Is that your final answer?

All of the candidates running for student body president and vice president gathered for the last debate before the election next week. The debate was the third in as many nights for the candidates. Hosted by the Election Rules Committee, it was very similar to Wednesday night’s debate. The questions were written in advance by the ERC.

Last night’s debate was more amiable than Wednesday’s. Presidential candidates Brandon Faza and Michael Johnson seemed to put the heated discussions from the night before behind them.

Presidential candidate Andrew Aubery said that he “appreciated that there was very little mudslinging at this debate,” in his closing statement.

The debate was also different in that the questions were more thought provoking, though not necessarily “loaded.”

Following the debate, presidential candidate Maxon Victor said he was glad that “it challenged our creativity.”

He was referring to a different palette of questions that probably no candidate was properly prepared for. Often the first candidate who had to answer was, without complaints from the other candidates, given some time to think about an answer.

A question that seemed to take all of the candidates as well as the audience by surprise was, “If you were not running, who would you vote for?”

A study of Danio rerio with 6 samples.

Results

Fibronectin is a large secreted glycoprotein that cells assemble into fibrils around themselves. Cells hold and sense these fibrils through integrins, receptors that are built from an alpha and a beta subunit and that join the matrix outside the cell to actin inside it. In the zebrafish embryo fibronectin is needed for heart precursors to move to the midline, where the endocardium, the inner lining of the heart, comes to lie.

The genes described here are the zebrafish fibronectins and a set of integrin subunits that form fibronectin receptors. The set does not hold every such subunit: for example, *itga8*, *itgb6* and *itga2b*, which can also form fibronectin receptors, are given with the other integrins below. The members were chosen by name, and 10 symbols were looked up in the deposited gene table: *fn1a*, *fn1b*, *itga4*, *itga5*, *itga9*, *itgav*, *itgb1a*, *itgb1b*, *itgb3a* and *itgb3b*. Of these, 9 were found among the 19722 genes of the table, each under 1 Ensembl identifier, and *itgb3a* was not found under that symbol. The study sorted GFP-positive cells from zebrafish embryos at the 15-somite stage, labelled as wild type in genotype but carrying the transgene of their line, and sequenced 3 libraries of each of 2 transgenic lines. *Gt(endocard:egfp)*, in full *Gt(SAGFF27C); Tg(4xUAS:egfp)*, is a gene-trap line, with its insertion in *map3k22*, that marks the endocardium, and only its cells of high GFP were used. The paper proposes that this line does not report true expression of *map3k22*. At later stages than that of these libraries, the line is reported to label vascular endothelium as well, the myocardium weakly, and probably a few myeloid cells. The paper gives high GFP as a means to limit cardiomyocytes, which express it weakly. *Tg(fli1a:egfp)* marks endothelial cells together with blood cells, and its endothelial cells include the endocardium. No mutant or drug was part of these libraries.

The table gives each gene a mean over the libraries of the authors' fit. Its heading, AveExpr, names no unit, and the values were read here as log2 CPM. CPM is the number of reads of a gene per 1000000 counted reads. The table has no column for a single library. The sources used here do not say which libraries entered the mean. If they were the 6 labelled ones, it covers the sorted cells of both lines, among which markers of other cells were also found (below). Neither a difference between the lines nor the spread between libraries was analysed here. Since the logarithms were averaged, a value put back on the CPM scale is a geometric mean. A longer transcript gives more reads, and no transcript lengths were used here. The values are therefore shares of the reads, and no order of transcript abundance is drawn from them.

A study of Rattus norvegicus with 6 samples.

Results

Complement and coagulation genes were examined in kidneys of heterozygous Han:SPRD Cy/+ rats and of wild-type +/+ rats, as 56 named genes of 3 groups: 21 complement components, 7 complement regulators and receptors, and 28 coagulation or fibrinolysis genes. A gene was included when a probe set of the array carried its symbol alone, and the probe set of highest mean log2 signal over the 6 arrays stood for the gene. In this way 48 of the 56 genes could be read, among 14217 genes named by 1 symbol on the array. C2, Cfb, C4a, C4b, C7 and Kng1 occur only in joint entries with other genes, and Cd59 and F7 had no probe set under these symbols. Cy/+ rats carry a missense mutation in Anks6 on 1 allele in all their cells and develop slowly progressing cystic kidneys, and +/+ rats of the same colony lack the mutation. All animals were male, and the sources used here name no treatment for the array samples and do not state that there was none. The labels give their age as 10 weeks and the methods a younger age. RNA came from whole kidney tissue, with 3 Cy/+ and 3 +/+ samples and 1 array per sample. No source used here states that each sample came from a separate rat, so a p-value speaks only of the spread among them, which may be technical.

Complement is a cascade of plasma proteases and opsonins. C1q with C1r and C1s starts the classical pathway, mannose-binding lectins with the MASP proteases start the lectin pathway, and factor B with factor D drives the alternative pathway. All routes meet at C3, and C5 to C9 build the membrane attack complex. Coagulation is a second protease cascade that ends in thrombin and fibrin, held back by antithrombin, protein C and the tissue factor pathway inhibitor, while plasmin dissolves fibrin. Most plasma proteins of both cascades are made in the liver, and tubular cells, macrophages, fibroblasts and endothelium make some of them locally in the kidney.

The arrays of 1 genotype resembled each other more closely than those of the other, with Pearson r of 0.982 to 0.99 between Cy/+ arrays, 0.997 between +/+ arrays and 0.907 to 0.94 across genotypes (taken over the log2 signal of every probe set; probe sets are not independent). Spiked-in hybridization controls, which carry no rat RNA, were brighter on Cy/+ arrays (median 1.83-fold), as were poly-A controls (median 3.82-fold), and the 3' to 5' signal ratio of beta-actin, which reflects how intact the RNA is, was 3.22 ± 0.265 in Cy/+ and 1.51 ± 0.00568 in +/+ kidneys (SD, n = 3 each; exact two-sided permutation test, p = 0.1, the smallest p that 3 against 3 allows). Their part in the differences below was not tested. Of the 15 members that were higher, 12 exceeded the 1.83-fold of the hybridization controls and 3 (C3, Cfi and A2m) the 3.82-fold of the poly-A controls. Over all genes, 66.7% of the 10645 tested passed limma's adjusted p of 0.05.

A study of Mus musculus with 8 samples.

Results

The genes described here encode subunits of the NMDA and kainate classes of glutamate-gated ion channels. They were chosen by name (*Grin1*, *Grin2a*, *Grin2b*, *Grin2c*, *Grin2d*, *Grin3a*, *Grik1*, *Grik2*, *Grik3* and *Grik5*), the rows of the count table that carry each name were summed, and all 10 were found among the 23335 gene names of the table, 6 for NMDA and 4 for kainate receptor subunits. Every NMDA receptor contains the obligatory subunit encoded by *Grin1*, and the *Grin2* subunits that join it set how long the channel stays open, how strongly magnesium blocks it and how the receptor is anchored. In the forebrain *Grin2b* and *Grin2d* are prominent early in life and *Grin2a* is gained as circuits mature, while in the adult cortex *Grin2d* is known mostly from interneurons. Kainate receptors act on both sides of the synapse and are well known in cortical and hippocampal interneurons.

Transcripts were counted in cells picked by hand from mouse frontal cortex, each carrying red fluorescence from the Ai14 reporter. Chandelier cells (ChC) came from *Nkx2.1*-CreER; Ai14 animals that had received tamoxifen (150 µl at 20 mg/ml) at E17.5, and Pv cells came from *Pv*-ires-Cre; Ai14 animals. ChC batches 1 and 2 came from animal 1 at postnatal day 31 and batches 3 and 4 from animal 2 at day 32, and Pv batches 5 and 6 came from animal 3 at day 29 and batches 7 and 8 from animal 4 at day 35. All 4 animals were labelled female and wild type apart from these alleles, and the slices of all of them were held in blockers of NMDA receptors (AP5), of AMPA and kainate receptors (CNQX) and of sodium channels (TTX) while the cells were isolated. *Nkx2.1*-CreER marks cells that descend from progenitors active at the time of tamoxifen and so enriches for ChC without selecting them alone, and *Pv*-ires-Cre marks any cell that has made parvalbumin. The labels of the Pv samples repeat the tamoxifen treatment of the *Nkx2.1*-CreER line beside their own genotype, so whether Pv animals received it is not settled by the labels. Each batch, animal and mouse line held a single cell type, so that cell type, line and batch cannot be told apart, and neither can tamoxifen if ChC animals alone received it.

The result of the mock election? The candidates chose Victor.

“If we were not to run in this election … we would be looking for someone with not just character and experience, but track record and somebody who is fun as well,” said Faza. “I definitely think we would vote for Maxon and Sameer (Ahmed, Victor’s running mate).”

Throughout the evening, candidates told the audience about various programs they are working on and want to work on. The usual suspects were represented: keeping students informed, school pride, organizing student organizations and getting USF more recognized in the community and the nation.

“I want them (the rest of the nation) to say U-S-F, go Bulls and go Tampa,” said Aubery.

Another issue addressed at all the debates and by multiple candidates has been academic advising.

“Right now around our campus the stereotype is what?” asked Gilzean. “USF — you stay forever,” and that was something he said he wanted to work on.

A few less-commonly talked about projects were also broached.

Presidential candidate Silverlee Hernandez’s running mate Matthew Couret mentioned that their ticket was working on getting a live bull for USF sporting events and that he had already contacted a breeder.

M. Johnson spoke about a “Bulls at Busch Gardens” program he has been working on. He said it was almost ready to go and would be a “turnkey operation” if he was elected. The program would involve getting students into Busch Gardens during extremely slow weekdays for heavily discounted or free admission.

The candidates closed this final debate with one last appeal to the students to not only vote for them, but to just vote in general.SG elections will be held on March 1 and 2.